Earlier, I wrote about the advantages I’ve found using Scrivener, a complete writing environment, rather than a word processing program. Now that I am revising my first draft, I’ve discovered an editing tool that is proving invaluable.
I researched several tools before settling on ProWritingAid. Grammarly is considered the industry standard, but the desktop version doesn’t integrate with Microsoft Office on the Mac. Hemingway Editor, which I also use on occasion, is excellent at examining sentence structure, but it doesn’t check grammar or spelling.
ProWritingAid checks grammar, spelling, and writing style in one package, and it directly edits Scrivener files. It gives you a readability index, highlights difficult-to-read paragraphs, and flags problems such as repeated phrases, adverbosity (my own word, which you may use without attribution), “sticky” sentences, and more.
My editing workflow is to open a chapter in ProWritingAid and read through it, taking a high level view by noting all the flags and editing them. After saving the result, I take a low-level view via a second pass through the program in which I address the detailed list of potential problem areas identified in eight separate screens. I print the resulting chapter and read it aloud, redlining it as I go. After making further edits in Scrivener, open the chapter for a third time in ProWritingAid, taking a last look at problem areas.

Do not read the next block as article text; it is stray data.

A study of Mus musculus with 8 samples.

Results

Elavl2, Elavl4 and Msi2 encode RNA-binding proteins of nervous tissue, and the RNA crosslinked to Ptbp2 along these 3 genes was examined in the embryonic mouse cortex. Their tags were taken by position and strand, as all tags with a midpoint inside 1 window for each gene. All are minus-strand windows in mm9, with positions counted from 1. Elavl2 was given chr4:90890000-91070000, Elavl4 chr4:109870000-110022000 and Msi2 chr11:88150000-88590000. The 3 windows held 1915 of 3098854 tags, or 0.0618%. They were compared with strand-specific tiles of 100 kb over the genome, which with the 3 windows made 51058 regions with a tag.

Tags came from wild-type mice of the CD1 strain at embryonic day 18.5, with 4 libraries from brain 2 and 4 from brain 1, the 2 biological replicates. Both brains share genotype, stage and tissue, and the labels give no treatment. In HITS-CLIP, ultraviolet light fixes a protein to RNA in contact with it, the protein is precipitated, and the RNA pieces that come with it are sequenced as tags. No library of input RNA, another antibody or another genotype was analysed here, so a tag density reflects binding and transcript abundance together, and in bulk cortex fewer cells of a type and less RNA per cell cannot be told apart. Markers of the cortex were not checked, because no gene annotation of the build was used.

I don’t correct everything the program identifies. Sometimes a passive sentence is the only way to express a thought without screaming “WRITER!” Using an arcane “right word” instead of modifying a more common one can affect readability. If I didn’t use my own judgment, my writing would sound flat and formulaic.
But for finding the written potholes that my eye doesn’t see, I find this an exceptional tool.